Obama Aide, Valerie Jarrett, Says You Can "Have It All, But Not All At Once," & Here's What 6 Other Feminists Have Said On The Subject
What does it really mean to "have it all?" It seems like we've been debating this one forever. For some, the phrase is a real trigger point; for others a total joke. And yet for some, "having it all" is still a personal goal they hope to achieve, to create that "happy" balance between work and family life. In an interview released Friday with Yahoo Parenting's Editorial Director Lindsay Powers, Obama aide Valerie Jarrett shared what "having it all" means to her, and let me just say, she got pretty real.
The topic itself has been discussed ad nauseam over the years — from Helen Gurley Brown's seminal 1982 book Having It All to Anne-Marie Slaughter's 2012 Atlantic essay, in which she suggested the government give a bit more help to working parents in order for "having it all" to be an attainable reality. And yet, it's still a hot-button issue; a debate we can't seem to shake. In Jarrett's words, "having it all" is possible — as long as we get that there's a catch. As Jarrett told Yahoo Parenting:
Life is full of tradeoffs. And I think at different phases in your life, you’re able to do certain things that you can’t do at other phases, and you make choices. You can have it all, but not all at once. For example, I had my daughter when I was pretty young, 28, and I had to sacrifice not going out with my friends, and I had to figure out how to juggle both raising her and also a very demanding job. And part of the reason why I decided I couldn’t continue to work in a law firm is that I just didn’t feel like I was thriving in that environment and able to spend enough time with her. And I had done one of those gut checks where I said, is this really the kind of person I want to be? Or do I want to have a job where I have more flexibility?
Although I have to say, the president also believes in working families and gives us a lot of flexibility here at the White House — if you want to work from home, we can do that.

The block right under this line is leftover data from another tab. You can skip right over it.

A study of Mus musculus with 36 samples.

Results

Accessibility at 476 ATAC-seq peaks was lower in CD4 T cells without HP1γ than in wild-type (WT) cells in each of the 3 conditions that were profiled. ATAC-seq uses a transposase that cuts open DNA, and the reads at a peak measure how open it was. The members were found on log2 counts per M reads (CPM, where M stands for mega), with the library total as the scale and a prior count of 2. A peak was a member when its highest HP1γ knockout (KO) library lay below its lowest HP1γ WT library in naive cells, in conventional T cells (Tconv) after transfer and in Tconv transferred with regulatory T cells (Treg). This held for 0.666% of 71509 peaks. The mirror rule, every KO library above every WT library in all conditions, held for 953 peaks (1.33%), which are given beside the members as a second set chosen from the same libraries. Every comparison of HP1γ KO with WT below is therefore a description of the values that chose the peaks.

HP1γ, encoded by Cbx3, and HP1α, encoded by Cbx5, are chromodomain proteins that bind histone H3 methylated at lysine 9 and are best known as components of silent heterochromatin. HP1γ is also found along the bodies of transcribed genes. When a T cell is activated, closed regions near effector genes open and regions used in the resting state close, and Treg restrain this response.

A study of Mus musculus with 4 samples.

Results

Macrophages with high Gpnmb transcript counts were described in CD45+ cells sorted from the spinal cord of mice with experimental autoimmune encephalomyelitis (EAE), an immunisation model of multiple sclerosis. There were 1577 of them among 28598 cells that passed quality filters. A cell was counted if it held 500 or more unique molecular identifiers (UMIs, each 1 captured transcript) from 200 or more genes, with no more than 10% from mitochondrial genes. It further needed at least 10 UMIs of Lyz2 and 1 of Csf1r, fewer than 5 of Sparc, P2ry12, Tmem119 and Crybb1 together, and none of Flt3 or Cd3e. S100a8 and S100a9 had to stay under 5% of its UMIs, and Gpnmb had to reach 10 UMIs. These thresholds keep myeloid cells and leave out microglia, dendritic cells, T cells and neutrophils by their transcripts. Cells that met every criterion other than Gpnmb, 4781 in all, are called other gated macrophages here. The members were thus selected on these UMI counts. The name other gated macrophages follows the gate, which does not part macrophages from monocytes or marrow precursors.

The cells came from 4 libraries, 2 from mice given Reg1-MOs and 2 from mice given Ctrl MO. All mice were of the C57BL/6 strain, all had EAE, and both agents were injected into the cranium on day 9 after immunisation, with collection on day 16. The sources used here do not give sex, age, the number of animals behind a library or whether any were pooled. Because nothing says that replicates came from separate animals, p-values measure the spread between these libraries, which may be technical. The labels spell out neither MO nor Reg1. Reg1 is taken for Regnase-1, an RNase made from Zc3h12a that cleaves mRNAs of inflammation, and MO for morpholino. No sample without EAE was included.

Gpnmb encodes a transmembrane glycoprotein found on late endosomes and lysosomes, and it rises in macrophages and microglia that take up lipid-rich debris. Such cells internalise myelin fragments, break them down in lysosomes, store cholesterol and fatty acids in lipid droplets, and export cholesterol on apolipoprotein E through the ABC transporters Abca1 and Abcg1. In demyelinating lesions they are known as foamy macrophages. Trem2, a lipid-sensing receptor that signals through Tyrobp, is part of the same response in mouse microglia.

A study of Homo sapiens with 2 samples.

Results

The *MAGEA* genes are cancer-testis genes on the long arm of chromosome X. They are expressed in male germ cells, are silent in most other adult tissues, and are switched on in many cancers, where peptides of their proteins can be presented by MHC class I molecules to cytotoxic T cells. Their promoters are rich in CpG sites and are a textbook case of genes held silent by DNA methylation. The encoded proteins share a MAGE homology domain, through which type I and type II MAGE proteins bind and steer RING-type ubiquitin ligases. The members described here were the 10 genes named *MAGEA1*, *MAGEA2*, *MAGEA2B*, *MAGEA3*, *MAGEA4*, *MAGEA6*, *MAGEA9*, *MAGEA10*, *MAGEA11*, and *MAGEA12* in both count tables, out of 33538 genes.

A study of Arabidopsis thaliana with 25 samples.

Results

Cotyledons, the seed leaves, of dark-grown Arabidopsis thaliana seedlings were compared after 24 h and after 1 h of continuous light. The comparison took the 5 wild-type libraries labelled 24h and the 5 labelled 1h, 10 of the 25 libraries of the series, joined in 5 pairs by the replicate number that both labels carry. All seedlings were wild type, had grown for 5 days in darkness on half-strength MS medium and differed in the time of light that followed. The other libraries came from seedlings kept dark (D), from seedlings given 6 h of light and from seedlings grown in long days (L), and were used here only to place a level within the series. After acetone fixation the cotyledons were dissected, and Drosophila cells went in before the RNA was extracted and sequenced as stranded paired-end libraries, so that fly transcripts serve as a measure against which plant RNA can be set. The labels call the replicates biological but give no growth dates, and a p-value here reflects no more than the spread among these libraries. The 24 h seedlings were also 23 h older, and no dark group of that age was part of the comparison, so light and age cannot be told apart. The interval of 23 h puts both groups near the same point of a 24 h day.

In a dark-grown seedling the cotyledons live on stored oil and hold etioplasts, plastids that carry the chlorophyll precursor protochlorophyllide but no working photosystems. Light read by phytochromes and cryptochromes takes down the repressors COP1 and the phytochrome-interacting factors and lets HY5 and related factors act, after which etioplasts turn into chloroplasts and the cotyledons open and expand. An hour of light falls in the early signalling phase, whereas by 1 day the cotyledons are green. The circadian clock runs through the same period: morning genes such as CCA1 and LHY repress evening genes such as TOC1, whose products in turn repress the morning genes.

The mother of one certainly makes a powerful, if simple, point there — that raising a family and being a total badass in your career is not an all or nothing deal. It won't be seamless, and it won't be easy, and it may not come all at once. In the timeline of life, one may trump the other a little more at times, but it's all part of the process.
In the spirit of all that, here are six other awesome feminists who have weighed in on the whole "having it all" debate, and made us all stop and think.
In 1995, while speaking at the UN World Conference on Women in China, Clinton had this to say on the matter: "There is no formula for how women should lead their lives. That is why we must respect the choices that each woman makes for herself and her family." #TRUTH.
Sarah Jessica Parker
While being interviewed for Cosmo's July cover story, the former Sex and the City actress and mother of three shared: "The question is not only how you do it, but why? If you don’t have to juggle career, children, and husband for financial reasons, why choose to? The beauty of the times we live in is that we do have choices. For me, it has been hard to say no. I wanted a family and I was a career person. I tried to marry those two things; sometimes it’s successful and sometimes it’s not."
"The truth is, women can do anything they want," the First Lady and mother of two said during a 2012 interview with Essence. "There is absolutely no limit on what we can achieve, and I hope that every young woman approaches life that way. We can become even more successful if we support each other."
In 1996, while standing before Wellesly's graduating female class, Ephron gave a commencement speech for the books. In it, she covered a lot of things. But her thoughts about "having it all" might be all anyone remembers from it. In that incomparable way of hers that always got straight to the point, Ephron said: "Maybe young women don’t wonder whether they can have it all any longer, but in case any of you are wondering, of course you can have it all. What are you going to do? Everything, is my guess. It will be a little messy, but embrace the mess."
Sandberg may have penned Lean In to encourage women not to take a backseat in the boardroom (or their own lives, for that matter), but she doesn't sugarcoat the reality of how hard — nay, impossible — it is to take on everything. As Sandberg told Oprah in a 2013 interview, "Having it all is the worst ... No one has it all."
Sure, Steinem may not actually have any children herself, but I'd argue she's a mother to many. And she has lots to say on the whole "having it all" convo. After filming the 2013 PBS documentary MAKERS: Women Who Make America , the longtime women's rights activist sat down with Judy Woodruff for a one-on-one interview. In it, she dropped this little nugget of wisdom: "Women can’t have it all as long as we have to do it all, until — I mean, we have realized — and the majority of Americans fully agree — that women can do what men can do. But we haven’t yet realized that men can do what women do."
In other words, we can't "have it all" until there's equality. Sing it, sister.